June 28, 2016
Just jumping on Medium won’t turn a single blogger into a phenomenon. People are getting picky, and they have too many Facebook notifications to sort through. You’ll need a sharp angle or insight, combined with articles that people actually care about.
Startup failure rates in general are pretty rough, and blogs aren’t any better. If your niche blog is going to make a name for itself as a small publication, it needs to be some combination of unique, straightforward, and in-demand.
Blogs Need a Niche, Quality
Some of my go-to bloggers have an incredibly specific niche. TIME, Inc. has a website specifically designed to draw people with the shallowness of its niche: breakfast. Nick Quah covers nothing but podcast news.
Coincidentally, one major supporter of only starting a business with a great mission behind it offered his opinion through a podcast: Here’s Brian Lam, a Gizmodo blogger turned founder of The Wirecutter, speaking on Recode Media with Peter Kafka about the need for a strong editorial vision behind a publication:
“We’re not going to do it because it’s a business opportunity. We’re going to do it because we think we can be helpful, and there’s also a business opportunity. The business serves what we’re trying to build.”
Lam’s emphasis is on quality over chasing profits, a fact that he illustrates with an example that I will admit makes me fear a job interview with him:
“Interviewing business people, I always set this trap. I was like, ‘How big do you think we can get? The number didn’t matter, I didn’t even listen to the number sometimes. And I was like, ‘How do you think we’d get there?’ They’d have these ridiculous answers. It’s unbelievable how many people don’t get it on the business side of media.”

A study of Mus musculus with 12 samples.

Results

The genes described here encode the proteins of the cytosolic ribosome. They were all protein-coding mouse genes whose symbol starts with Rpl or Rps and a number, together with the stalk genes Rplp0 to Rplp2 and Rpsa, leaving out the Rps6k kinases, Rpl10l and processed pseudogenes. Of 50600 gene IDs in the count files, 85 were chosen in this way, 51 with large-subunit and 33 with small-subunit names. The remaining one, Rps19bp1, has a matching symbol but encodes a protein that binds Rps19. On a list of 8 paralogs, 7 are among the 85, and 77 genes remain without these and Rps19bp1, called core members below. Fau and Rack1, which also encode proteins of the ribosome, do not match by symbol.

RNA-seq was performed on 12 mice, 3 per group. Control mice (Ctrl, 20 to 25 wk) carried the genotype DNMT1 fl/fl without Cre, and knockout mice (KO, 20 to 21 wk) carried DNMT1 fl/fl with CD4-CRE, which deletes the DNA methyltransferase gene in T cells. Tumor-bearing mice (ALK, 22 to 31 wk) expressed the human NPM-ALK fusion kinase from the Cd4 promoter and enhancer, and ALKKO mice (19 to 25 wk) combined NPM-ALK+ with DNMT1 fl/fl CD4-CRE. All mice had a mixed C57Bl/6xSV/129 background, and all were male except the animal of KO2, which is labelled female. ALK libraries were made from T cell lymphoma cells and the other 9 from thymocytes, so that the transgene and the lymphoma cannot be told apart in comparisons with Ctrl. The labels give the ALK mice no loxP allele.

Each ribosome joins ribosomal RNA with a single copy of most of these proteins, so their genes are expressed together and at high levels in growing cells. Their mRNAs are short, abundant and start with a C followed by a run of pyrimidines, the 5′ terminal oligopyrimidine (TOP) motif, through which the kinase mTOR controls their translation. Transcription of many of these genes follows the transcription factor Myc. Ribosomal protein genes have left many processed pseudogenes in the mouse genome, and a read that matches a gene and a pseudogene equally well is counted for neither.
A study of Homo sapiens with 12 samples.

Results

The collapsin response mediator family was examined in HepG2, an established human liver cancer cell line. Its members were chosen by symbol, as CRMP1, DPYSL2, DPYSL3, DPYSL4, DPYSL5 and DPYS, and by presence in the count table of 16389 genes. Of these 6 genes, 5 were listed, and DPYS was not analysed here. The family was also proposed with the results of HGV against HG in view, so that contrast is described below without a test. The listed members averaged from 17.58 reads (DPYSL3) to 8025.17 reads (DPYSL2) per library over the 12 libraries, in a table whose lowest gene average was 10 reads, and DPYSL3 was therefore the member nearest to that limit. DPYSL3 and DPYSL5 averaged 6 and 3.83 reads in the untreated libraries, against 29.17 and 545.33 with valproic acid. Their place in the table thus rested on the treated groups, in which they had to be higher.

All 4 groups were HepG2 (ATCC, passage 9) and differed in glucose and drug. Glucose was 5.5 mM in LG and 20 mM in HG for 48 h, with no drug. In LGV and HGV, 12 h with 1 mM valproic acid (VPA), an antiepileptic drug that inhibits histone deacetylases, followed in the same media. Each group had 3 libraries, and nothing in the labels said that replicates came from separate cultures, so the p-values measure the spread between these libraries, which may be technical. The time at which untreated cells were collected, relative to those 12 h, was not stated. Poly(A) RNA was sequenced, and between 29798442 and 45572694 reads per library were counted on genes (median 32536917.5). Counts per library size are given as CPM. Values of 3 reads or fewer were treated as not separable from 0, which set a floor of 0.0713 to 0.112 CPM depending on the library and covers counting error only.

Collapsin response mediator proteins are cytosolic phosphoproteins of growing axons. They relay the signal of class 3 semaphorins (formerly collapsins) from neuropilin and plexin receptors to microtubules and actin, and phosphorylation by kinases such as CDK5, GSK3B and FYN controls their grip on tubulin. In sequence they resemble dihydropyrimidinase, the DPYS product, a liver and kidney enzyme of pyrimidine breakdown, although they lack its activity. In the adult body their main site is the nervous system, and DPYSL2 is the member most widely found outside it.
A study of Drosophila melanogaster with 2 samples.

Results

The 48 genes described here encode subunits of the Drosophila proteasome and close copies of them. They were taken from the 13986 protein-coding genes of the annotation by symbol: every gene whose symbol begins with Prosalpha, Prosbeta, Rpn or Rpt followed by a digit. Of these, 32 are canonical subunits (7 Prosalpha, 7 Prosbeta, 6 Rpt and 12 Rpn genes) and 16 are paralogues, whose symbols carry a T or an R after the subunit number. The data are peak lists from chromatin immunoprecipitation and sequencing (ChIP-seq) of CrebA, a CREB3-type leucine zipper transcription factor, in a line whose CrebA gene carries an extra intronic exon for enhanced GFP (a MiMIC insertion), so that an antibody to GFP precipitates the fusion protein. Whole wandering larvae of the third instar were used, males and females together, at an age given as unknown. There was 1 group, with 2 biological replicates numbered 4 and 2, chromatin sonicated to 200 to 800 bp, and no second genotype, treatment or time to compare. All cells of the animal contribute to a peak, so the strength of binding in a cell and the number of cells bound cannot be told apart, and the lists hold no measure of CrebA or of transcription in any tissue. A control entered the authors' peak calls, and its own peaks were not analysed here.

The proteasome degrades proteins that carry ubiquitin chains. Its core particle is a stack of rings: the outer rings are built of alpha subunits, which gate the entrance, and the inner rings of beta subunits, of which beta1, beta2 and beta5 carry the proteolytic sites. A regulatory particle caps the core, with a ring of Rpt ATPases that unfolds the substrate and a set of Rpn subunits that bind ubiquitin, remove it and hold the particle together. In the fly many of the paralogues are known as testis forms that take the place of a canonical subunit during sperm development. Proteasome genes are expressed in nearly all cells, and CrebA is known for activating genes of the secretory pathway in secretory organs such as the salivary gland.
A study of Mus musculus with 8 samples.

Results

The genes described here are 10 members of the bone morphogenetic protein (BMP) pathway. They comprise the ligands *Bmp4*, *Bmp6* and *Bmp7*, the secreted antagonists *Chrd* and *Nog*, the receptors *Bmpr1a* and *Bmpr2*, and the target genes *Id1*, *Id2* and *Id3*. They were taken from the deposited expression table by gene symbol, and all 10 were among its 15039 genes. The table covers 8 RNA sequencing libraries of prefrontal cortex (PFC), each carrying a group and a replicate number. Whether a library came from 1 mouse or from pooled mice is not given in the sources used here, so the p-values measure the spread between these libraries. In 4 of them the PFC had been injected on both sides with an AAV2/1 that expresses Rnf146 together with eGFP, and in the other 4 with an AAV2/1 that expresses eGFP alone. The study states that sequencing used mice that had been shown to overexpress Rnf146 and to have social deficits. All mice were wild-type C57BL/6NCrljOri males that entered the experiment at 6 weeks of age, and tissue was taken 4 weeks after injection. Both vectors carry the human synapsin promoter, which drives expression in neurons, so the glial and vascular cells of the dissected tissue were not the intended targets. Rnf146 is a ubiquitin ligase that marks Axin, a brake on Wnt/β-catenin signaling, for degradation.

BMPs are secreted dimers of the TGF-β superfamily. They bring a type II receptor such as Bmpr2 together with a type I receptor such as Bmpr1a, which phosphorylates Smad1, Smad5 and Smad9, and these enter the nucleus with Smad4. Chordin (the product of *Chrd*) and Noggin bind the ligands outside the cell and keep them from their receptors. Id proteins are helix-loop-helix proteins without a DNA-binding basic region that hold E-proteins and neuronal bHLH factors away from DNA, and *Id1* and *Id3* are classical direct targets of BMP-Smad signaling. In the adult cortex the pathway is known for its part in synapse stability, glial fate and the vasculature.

OK, Any Startup Needs a Unique Idea
Needing a great idea isn’t unique to a niche blog, either: It’s a lesson any startup or app could stand to know by heart. A lot of people treat Kim Kardashian as a punchline, but she’s proven incredibly adept at monetizing a big new idea: Her mobile game earned her $100M thanks to a savvy design and unique concept. As The Verge put it in a recent feature, “she’s turned a video game into a kind of personal blog — something no one else had thought to do, much less pull off.”
Taking a different approach to an old concept is easy to say, but tough to do. But no niche blog survives without it. Once you figure out how to tackle a unique issue with a quality approach (or a quality issue with a unique approach), you’ll have the two things media needs in 2016: Something that’s both attention-grabbing and worthwhile.